Stone interviews leaders Evo Morales of Bolivia, Lula da Silva of Brazil, Cristina Kirchner (and her husband ex-President Nėstor Kirchner) of Argentina, Fernando Lugo of Paraguay, Rafael Correa of Ecuador, Raúl Castro of Cuba and, for the vast majority of airtime, speaks to Hugo Chávez of Venezuala and investigates his rise to power. They are interviewed on their own terms and, regardless of what I know (very little) of their policies, come across well; Stone is not exactly a pushy or difficult interviewer in the style of, say, Jeremy Paxman, but appears to be attempting to put these leaders on an even footing with their northern counterparts by presenting them in a non-negative way.
Although the political landscape of the United States means that, over there, this film is expected to be seen as ‘radical’ or perhaps even ‘filled with socialist propaganda’, I don’t think you need to worry about coming out tricked into believing that we should give up all personal wealth and live in workers’ cooperatives farming corn on the lawns of Blenheim Palace. Little is suggested about the interference of the US government in South American politics that hasn’t been either suggested before, by well-established academics or journalists, or proven and, whilst one is able to work out quickly that the film isn’t going to be a damning indictment of the growth of socialist policies across Latin America, it certainly doesn’t try to suggest that the US or the UK model themselves on these countries, either.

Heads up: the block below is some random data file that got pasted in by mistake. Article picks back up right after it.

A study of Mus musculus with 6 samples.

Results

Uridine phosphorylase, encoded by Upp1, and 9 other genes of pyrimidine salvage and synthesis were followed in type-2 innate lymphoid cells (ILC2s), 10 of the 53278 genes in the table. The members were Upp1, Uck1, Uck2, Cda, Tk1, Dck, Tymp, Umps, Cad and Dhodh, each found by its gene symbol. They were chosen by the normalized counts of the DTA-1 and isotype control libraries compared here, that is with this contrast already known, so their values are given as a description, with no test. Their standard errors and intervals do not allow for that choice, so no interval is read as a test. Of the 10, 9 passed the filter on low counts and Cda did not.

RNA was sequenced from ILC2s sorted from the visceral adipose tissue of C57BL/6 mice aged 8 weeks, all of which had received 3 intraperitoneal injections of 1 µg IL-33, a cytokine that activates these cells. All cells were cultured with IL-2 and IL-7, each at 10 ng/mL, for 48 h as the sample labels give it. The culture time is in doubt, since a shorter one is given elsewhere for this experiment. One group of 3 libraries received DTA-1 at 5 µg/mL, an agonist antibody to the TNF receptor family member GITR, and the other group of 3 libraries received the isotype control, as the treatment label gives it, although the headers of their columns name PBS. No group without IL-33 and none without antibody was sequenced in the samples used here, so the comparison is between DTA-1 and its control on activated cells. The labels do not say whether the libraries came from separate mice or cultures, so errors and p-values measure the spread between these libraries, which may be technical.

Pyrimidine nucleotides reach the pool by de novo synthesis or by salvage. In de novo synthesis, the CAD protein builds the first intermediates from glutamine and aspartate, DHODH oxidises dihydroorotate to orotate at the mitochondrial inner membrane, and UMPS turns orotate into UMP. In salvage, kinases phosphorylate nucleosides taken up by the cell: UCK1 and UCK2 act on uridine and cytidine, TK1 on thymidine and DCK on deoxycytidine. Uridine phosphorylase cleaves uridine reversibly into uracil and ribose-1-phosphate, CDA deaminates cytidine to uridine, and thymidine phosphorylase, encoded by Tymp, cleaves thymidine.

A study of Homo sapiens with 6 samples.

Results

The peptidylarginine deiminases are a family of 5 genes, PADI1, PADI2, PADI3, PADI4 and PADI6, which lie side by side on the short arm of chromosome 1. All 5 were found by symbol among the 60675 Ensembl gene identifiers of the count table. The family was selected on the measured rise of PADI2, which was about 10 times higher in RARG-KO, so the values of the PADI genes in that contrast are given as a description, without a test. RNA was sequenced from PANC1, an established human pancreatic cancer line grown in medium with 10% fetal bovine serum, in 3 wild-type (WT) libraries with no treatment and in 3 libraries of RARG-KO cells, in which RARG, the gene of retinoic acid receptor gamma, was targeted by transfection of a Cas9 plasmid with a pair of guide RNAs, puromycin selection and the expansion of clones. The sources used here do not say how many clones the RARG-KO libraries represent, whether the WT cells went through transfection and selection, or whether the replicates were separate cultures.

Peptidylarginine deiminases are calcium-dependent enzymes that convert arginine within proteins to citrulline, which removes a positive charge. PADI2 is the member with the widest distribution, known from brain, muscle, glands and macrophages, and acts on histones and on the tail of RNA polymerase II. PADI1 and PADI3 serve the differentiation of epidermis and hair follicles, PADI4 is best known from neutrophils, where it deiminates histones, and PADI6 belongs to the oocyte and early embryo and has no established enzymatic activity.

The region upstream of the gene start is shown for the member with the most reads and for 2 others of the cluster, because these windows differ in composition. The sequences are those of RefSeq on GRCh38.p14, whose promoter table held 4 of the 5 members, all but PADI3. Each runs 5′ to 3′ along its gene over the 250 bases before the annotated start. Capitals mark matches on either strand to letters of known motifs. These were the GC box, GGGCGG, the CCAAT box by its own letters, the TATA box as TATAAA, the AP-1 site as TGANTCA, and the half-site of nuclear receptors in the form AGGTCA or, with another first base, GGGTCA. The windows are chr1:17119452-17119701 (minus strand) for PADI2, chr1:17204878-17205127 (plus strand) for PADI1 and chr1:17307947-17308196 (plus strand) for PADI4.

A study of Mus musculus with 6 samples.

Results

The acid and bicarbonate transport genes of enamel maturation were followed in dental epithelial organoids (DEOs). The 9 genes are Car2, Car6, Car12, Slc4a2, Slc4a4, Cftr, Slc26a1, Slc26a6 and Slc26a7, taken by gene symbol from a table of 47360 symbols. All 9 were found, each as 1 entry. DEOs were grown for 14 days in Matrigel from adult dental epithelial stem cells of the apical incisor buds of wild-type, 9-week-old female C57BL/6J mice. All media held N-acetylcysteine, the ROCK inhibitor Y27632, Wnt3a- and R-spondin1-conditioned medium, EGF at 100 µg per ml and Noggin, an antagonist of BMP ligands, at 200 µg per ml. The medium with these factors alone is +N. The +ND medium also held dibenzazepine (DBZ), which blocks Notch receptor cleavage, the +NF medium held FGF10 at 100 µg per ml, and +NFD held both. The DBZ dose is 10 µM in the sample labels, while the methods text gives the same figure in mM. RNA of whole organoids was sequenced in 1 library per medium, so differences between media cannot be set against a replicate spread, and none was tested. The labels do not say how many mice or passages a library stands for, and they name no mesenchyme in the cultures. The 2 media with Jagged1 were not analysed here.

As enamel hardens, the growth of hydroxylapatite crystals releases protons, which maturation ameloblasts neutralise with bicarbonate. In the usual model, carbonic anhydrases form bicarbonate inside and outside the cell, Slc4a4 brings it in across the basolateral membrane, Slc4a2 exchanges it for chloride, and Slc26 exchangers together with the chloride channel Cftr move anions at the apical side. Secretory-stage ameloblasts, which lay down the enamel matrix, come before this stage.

The time I didn’t spend trying to work out how much of the film I could ‘trust’ was spent enjoyably! The political message seems to have been put second in Stone’s priorities for making the film. First priority has been given to making sure that this trip through recent South American history remains fun, with lighthearted additions such as black-and-white clips of old US news programs to move the narrative along, footage of Hugo Chávez riding a child’s bike that eventually buckles under his weight, and a scene with Evo Morales’s football tricks showing up the director’s, who nearly knocks himself out attempting a ‘header’.
Clips such as the one in which Chávez stands in the UN General Assembly and addresses former US President George W. Bush, in English, “Mister Bush. You are a donkey!” serve the dual purpose of being quite funny and demonstrating the Venezualan’s frustration with the United States’ unwillingness to accept Chávez as the democratic leader he claims to be. On the other hand, it isn’t all an easy trip through the continent, chewing coca leaves and watching grinning South American politicians shake hands and kiss babies. The film also includes bloody footage of the 1992 coup attempt (by Chávez, as one of the leaders of the Venezualan military at the time) and the 2002 coup (by Chávez’s opposition), which in one case shows blood literally pooling in the streets.
Overall, South of the Border is an interesting and simple-to-follow look at the politics and personalities of Latin America, providing an alternative viewpoint to that offered in the mainstream media. This film is worth watching even if you already have an opinion on socialism in South America – and is enough fun that you might enjoy it even if you don’t care to develop one!